Role of Ethics in Business

Topics: Ethics, Business ethics, Corporate social responsibility Pages: 6 (1843 words) Published: July 25, 2012
Executive Summary

Business firms of all types and sizes regularly face and even struggle with ethical decisions since many factors and stakeholders – customers, investors, employees, government, and the general public – are involved. To maintain their market share in this ever-changing, competitive world, they need to avoid ethical failures. Business ethics include issues which are the heart of social responsibility, such as “employee relations, philanthropy, pricing, resource conservation, product quality and safety, and doing business in countries that violate human rights.”[i] Ethics are inconsistent with quick profit maximization, but they are worth investing in for long-term success. Moreover, business firms must behave ethically to satisfy consumers who contribute significantly to their success. Consumers have the rights to be safe, to be informed, to choose, and to be heard. The bankruptcy of Enron – the company which led to one of the biggest audit failures – and the closure of Rid Pharmaceuticals Limited – the company which was responsible for the death of infants in Bangladesh – show that unethical firms cannot escape the law forever and that the outcome of unethical practices is always negative. Therefore, businesses should develop mechanisms and implement courses of action to prevent unethical behaviour and to encourage business ethics.

Discussion of the Issue

Introduction: Business ethics are “standards of conduct and moral values involving right and wrong actions arising in the work environment.”[ii] Firms are responsible to different constituencies, such as customers, suppliers, investors, government, employees, and the general public. When firms try to satisfy all of these constituencies simultaneously, conflicts in interest arise. Ethics play an important role in shaping the decisions and actions that firms take while resolving the conflicts.

Ethical failures can lead to “lawsuits, indictments, and judgments against firms.”[iii] It will have a negative impact on a firm’s image. For the long-term success, a business must take ethics into consideration at the expense of quick gains. In addition, firms realize that they are responsible to the “larger society that endorses their creation through various laws and regulations and supports them by purchasing their products and services.”[iv] Ethics are complementary to corporate social responsibility, which deals with society’s welfare. Therefore, firms, in addition to making profits, uphold high moral values and engage in corporate philanthropy. For instance, Johnson and Johnson is a company, manufacturing healthcare products, which demonstrates strong commitment to business ethics and corporate social responsibility with its code of conduct called Credo.[v]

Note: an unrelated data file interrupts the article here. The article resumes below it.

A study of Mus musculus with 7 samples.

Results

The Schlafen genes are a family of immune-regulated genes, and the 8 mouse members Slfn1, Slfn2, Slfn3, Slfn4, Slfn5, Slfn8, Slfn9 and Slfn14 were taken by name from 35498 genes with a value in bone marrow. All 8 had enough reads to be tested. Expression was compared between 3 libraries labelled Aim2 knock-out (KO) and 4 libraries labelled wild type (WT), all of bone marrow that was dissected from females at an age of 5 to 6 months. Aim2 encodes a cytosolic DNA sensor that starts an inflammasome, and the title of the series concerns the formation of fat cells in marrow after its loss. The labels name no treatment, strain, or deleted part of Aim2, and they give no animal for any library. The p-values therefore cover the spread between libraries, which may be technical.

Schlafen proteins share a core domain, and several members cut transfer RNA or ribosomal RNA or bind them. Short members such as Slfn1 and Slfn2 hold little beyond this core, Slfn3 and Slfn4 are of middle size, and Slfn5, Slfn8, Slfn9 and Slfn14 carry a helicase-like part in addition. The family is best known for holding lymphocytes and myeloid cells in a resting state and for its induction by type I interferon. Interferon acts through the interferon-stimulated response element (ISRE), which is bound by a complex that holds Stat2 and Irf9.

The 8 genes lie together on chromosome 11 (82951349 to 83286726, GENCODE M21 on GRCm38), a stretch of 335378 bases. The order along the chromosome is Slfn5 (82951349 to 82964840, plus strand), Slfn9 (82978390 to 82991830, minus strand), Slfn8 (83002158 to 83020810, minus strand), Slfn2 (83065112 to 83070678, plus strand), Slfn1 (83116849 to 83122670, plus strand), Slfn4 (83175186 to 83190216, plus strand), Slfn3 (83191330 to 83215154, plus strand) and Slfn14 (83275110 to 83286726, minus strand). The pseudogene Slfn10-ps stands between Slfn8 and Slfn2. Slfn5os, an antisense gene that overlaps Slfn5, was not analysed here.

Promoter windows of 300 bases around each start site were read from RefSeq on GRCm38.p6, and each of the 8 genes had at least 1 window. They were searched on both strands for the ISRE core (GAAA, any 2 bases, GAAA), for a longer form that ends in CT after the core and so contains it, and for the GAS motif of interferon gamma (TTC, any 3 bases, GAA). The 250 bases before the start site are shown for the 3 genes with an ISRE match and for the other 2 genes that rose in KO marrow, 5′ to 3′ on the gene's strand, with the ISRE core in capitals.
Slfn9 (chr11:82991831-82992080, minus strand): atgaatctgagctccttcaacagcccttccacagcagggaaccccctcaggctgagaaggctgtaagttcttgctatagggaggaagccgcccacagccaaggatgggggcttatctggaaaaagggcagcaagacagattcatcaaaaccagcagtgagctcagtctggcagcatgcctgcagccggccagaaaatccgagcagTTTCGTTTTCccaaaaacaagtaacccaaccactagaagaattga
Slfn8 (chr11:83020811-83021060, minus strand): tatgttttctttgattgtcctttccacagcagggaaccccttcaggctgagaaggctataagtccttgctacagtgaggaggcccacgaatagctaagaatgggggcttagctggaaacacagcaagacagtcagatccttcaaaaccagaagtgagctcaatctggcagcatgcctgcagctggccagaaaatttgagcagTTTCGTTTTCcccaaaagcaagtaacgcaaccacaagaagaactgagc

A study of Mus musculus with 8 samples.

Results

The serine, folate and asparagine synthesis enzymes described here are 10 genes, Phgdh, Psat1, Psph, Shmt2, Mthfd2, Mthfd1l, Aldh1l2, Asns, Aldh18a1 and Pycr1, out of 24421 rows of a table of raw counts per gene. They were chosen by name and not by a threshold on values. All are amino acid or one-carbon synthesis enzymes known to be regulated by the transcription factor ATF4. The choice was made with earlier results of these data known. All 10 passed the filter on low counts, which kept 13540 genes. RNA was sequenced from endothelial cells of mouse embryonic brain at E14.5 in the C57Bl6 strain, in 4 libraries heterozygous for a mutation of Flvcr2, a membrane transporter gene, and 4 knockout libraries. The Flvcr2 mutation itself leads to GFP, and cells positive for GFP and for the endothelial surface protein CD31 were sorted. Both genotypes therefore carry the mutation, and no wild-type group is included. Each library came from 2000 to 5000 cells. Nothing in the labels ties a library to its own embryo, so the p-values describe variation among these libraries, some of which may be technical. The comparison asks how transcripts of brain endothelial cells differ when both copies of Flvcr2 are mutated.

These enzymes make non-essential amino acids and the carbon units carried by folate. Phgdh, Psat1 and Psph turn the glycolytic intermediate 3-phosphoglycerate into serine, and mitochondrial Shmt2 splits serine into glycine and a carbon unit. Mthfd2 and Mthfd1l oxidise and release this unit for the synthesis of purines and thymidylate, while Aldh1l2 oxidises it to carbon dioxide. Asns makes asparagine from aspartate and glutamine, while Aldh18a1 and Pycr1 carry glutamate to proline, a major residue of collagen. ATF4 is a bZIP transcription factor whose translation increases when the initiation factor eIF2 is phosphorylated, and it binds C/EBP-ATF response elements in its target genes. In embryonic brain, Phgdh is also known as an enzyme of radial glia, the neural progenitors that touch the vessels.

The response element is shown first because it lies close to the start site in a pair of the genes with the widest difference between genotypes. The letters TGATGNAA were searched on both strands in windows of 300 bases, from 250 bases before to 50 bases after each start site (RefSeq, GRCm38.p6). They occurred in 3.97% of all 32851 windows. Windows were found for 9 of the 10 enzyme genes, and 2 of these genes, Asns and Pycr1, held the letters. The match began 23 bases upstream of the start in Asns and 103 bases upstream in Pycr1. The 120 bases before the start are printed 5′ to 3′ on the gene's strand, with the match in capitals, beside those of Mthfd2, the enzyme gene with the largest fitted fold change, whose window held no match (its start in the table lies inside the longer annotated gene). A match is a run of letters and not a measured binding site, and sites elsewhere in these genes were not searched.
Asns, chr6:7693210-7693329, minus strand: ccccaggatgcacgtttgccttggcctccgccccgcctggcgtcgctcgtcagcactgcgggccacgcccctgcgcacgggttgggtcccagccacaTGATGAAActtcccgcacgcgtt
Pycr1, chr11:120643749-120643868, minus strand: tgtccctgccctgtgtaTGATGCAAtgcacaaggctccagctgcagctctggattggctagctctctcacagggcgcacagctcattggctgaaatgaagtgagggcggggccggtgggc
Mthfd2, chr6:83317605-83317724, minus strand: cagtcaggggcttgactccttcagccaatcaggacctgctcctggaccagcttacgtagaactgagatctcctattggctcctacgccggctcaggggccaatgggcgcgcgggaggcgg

The code states that the firm is committed to selling products and services of superior quality. It strives to keep production costs at a minimum in order to maintain reasonable prices. Great emphasis is placed on customer satisfaction. It also tries to ensure that suppliers make fair profits. It provides job security, fair and sufficient compensation, and comfortable working conditions for the employees. Employees are encouraged to voice their opinions, and any form of discrimination within the firm is eliminated. The code also mentions that the company pledges to support charities and promote improvements in health and education. It agrees to bear taxes. It also takes interest in keeping the environment and the properties and natural resources used in a good state. It harmonizes the concept of profit maximization with ethics as it realizes that businesses must make profits to cover costs and to engage in community service. It aims to invest heavily on research and development, innovation, new equipment, and new facilities. It maintains reserves for critical times. It is determined to satisfy stockholders with a good financial return.